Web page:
TITLE: The New Adventures of Superboy – vol. 1 Issue #9
RELEASE: September 1980
COMPANY: DC Comics
Writer: Cary Bates
Penciller: Kurt Schaffenberger
Inker: Dave Hunt
Colorist: Gene D’Angelo
Letterer: Ben Oda
Editor: Julius Schwartz
As a child, I grew up reading “Superboy and the Legion of Super-Heroes”, which would eventually be renamed to “Legion of Super-Heroes”.
By 1980, “The New Adventures of Superboy” was released and unlike the previous title, it would focus on Superboy living in Smallville and it’s a series I loved because it was good ol’ natured Superboy stories without the Legion, without the typical Metropolis distractions.
And also what I loved about the series is that it featured the artwork of Kurt Schaffenberger, a man who worked during the Golden and Bronze Age of comics and while known for “Captain Marvel” for Marvel Comics, he is best known for his work on “Superman’s Girl Friend, Lois Lane” for DC Comics.
And while Schaffenberger worked on the final pre-crisis Superman tale, “Whatever Happened to the Man of Tomorrow?”, “The New Adventures of Superboy” was pretty much his final series before retiring.
So, for me growing up reading Schaffenberger’s work, “The New Adventures of Superman” was quite essential for necessary reading and looking at his artwork.
But Schaffenberg’s artwork had an oldschool feel of the Golden Age and combined with the written work of Cary Bates (whose work I enjoyed with “The Flash” in the late ’70s), these two were a wonderful team.
In issue #9 of “The New Adventures of Superman”, Clark Kent faked his death in order to protect his family from an ominous force, which he is not aware of what’s going on.
What Superboy is unaware is that in the Phantom Zone, Jax-ur, General Zod and Faor Hu-Ul have combined their powers to wipe-out the Kent’s memories of Superboy. Wanting revenge on Superboy for putting him in the Phantom Zone, they want to make him feel isolated and show him how it feels to have no family and friends.
As Smallville mourns the death of Clark Kent, his friend Pete Ross doubts his death. Pete and Clark were canoeing up the Smallville River until a geyser shot up. And when their canoe capsized, Clark drowned.
But Pete knows Clark intentionally capsized the canoe, because he found out his secret identity as Superboy while back during a camping trip. And when the canoe capsized, Superboy saved him.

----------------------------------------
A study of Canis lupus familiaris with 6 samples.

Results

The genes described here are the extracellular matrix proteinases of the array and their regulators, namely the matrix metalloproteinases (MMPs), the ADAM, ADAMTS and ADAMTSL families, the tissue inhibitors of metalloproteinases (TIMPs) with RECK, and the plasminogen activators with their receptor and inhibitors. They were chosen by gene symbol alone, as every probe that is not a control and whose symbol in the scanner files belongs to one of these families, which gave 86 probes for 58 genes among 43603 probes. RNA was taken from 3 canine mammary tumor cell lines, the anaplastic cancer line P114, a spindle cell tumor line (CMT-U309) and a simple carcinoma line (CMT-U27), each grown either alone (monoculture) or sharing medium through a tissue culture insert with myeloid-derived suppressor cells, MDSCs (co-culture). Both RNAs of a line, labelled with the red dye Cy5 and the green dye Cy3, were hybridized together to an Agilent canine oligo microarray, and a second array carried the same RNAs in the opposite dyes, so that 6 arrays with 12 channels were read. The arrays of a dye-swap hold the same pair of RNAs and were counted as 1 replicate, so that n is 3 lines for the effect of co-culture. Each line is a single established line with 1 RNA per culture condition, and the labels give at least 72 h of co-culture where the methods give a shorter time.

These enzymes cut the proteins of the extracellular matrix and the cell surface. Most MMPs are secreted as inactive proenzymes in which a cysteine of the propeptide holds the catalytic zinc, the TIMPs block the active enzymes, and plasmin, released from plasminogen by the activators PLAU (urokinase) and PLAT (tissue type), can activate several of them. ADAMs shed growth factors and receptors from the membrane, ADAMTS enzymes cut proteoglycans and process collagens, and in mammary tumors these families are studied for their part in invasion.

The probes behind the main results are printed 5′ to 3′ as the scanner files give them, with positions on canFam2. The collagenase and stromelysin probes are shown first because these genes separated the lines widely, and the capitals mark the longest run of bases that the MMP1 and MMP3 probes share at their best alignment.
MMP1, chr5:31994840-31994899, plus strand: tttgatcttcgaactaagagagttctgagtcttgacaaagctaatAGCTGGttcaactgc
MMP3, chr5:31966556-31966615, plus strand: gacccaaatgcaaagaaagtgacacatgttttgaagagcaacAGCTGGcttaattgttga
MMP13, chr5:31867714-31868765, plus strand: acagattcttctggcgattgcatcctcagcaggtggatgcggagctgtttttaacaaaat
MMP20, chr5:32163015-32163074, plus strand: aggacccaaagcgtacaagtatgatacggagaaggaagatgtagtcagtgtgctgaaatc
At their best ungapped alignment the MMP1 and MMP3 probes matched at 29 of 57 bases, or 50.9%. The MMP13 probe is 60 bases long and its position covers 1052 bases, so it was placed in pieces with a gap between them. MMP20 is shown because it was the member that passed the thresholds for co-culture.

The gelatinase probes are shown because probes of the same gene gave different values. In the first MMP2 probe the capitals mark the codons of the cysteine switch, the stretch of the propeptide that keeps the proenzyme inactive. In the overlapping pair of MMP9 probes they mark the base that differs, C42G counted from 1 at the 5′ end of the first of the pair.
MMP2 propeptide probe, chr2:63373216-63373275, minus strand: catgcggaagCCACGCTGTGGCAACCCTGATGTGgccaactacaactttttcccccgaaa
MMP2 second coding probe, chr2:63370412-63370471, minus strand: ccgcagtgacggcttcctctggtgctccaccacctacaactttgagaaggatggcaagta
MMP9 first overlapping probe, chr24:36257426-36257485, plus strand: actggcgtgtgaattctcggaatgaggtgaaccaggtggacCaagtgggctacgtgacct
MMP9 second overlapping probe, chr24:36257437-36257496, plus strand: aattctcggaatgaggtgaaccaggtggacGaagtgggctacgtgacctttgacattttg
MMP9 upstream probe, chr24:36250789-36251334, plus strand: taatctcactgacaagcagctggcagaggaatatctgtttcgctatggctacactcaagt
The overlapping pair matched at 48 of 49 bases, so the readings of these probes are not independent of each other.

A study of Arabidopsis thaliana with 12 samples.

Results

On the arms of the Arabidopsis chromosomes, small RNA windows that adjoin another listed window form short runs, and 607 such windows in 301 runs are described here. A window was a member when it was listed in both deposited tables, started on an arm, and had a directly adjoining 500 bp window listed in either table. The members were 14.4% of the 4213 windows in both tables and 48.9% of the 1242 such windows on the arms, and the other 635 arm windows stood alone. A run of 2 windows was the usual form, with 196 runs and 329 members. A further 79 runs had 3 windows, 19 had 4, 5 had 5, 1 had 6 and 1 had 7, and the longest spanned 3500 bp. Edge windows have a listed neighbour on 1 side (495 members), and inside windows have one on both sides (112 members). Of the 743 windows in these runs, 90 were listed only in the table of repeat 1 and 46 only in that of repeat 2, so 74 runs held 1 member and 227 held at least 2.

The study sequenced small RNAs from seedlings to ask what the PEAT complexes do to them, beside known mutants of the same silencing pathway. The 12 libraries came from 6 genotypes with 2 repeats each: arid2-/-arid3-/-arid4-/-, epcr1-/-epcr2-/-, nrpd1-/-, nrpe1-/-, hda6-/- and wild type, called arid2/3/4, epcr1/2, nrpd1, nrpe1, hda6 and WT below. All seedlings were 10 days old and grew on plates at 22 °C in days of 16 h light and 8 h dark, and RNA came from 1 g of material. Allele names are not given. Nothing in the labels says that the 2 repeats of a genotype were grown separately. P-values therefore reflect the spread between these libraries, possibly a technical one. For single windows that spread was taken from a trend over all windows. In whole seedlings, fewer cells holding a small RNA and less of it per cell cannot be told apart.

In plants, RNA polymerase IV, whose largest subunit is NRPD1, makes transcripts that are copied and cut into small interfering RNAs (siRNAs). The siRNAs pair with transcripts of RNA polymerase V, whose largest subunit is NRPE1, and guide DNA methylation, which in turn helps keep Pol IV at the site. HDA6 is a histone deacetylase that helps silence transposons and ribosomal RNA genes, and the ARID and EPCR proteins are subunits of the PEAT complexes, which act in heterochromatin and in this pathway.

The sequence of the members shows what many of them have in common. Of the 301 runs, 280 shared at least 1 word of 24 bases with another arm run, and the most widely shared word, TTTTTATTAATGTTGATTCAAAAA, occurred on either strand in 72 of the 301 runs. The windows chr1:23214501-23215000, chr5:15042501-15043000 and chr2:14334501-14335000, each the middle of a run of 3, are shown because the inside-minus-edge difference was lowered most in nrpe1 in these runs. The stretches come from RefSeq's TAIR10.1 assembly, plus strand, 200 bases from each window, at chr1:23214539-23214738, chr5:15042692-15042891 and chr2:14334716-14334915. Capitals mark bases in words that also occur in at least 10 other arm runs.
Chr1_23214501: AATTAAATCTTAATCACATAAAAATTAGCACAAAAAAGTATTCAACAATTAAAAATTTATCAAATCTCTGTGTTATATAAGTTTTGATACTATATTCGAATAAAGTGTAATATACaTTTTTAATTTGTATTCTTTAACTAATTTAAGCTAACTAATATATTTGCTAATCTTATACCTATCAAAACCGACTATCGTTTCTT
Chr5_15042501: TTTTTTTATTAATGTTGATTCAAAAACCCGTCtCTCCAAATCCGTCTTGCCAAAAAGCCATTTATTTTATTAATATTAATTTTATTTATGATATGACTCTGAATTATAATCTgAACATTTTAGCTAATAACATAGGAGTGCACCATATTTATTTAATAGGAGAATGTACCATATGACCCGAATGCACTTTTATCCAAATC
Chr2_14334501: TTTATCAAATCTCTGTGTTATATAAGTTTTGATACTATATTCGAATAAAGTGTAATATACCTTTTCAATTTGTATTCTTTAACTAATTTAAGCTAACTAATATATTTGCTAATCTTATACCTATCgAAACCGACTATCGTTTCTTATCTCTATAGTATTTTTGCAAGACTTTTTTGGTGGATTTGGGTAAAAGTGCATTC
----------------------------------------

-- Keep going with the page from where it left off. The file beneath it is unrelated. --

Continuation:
As Pete and Lana Lang head to the Kent’s to give them a book belonging to Clark, Pete forgot he stuck his homework in the book. So, when he goes to retrieve it, he sees the Kent’s crying over the death of their son, which surprises Pete, because why would they be crying if Superboy is still around, meaning Clark is still alive?
Meanwhile, Superboy uses his x-ray vision from a distance, in tears of seeing his parents mourn Clark. But he can’t understand why someone robbed their memories of him being Superboy and because of that, he can’t risk their lives by revealing that he is Superboy until he finds out the truth.
But as Superboy watches from afar, the three criminals in the Phantom Zone are enjoying Superboy’s pain and his feeling of isolation.
Meanwhile, Pete does his investigation and finds a trap door which he saw Superboy used. Where will that tunnel take him?
If there is one thing about this comic book that stays in my mind, it’s the friendship between Clark Kent and Pete Ross. Pete was a character that has known Superboy/Superman’s identity and yet keeping it away from Clark that he knew.
This would play off once again in “Action Comics” issue #457 and “DC Comics Presents” issue #13.
But unfortunately in Alan Moore’s story “Whatever Happened to the Man of tomorrow?”, poor Pete is tortured into revealing Superman’s true identity and killed.
If there was anything cheesy about this story though is the fact that Zod and fellow criminals are still able to hurt Superman from the Phantom Zone. Shouldn’t be possible but it works…cheesy yes, but in an ’80s kind of way that makes it a bit more acceptable I suppose.
Still an entertaining ready nevertheless!